KVIC opens first silk processing plant in Gujarat
06 January 2020
Khadi and Village Industries Commission (KVIC) on Friday inaugurated is first silk processing plant, at Surendranagar in Gujarat, in a move that would help cut down the cost of production of silk yarn drastically and increase the sale and availability of raw material for Gujarati Patola Sarees locally.
The plant has been set up by a khadi institution at a cost of Rs75 lack with Rs60 lakh contribution from KVIC. The unit employs 90 local women, 70 of which belong to the Muslim community.
Patola, the trademark saree of Gujarat, is considered to be very costly and worn only by the royals or the aristocrat. Reason being the raw material silk yarn is purchased from Karnataka or West Bengal, where silk processing units are situated, thus increasing the cost of the fabric manifolds.
Cocoons will be brought from Karnataka and West Bengal and silk yarn will be processed in house, thus reducing the cost of production and giving a major boost to the sale of famous Gujarati Patola Sarees, KVIC chairman V K Saxena said.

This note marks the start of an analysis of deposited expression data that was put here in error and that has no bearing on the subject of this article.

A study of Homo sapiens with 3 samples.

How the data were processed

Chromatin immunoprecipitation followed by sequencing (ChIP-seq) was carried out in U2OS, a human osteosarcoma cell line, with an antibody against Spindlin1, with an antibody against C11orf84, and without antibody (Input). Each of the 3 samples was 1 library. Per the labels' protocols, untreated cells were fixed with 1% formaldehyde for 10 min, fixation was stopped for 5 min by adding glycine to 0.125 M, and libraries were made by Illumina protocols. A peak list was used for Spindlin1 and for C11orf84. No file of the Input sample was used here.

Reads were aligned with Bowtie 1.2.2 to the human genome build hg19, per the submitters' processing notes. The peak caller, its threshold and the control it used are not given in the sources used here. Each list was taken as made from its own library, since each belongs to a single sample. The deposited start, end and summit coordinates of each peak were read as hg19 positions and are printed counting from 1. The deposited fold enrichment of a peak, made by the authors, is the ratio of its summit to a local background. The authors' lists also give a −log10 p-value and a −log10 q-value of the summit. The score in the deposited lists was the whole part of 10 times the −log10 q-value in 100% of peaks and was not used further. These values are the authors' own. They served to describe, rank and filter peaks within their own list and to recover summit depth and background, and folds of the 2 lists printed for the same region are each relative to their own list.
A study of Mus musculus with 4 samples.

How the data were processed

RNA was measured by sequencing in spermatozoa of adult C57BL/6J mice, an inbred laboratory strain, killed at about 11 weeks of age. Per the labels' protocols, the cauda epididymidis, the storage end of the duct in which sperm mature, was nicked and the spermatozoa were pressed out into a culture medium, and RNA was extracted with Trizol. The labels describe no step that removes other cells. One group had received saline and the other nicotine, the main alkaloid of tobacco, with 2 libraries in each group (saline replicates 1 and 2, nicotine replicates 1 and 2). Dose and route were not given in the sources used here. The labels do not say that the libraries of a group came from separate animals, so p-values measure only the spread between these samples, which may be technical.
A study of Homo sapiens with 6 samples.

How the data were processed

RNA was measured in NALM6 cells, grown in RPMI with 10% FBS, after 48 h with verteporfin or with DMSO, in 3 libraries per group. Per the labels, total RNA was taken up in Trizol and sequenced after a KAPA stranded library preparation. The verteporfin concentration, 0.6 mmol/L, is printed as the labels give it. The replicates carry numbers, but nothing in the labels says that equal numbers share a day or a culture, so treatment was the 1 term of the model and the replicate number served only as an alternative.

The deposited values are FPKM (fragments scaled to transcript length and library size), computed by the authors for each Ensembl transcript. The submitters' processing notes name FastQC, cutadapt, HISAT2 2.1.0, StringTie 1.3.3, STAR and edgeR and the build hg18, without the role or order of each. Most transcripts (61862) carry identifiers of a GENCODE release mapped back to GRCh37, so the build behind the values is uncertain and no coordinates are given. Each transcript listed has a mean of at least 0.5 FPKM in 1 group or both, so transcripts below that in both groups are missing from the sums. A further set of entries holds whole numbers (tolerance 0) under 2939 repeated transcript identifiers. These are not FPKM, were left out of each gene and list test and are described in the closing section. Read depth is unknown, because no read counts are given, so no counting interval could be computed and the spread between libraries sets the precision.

Surendranagar district is a backward district in Gujarat where KVIC has invested Rs60 lakh to build the silk processing plant, in order to generate livelihood and boost sales of Patola sarees by making silk more ready available at a lower cost, for the Patola saree manufacturers in the nearby areas.
Traditionally, every region in India has had its own unique weave for the silk sarees. It is quite notable that Patola silk saree is amongst the top five silk weaves which are desired by every Indian saree lover.
Patola is a centuries old silk textile, with its origins in Patan, the northern region of Gujarat. It involves a very intricate and complex process of tie-dyeing on the warp and weft before weaving and is highly acclaimed by connoisseurs as a traditional and ancient art that needs to be preserved and promoted.
Patola weaving requires a lot of precise mental calculations, vivid imagination, patience, undivided attention, and dexterity of the hand.
The designs and motifs found on Patan patola have remained constant for centuries.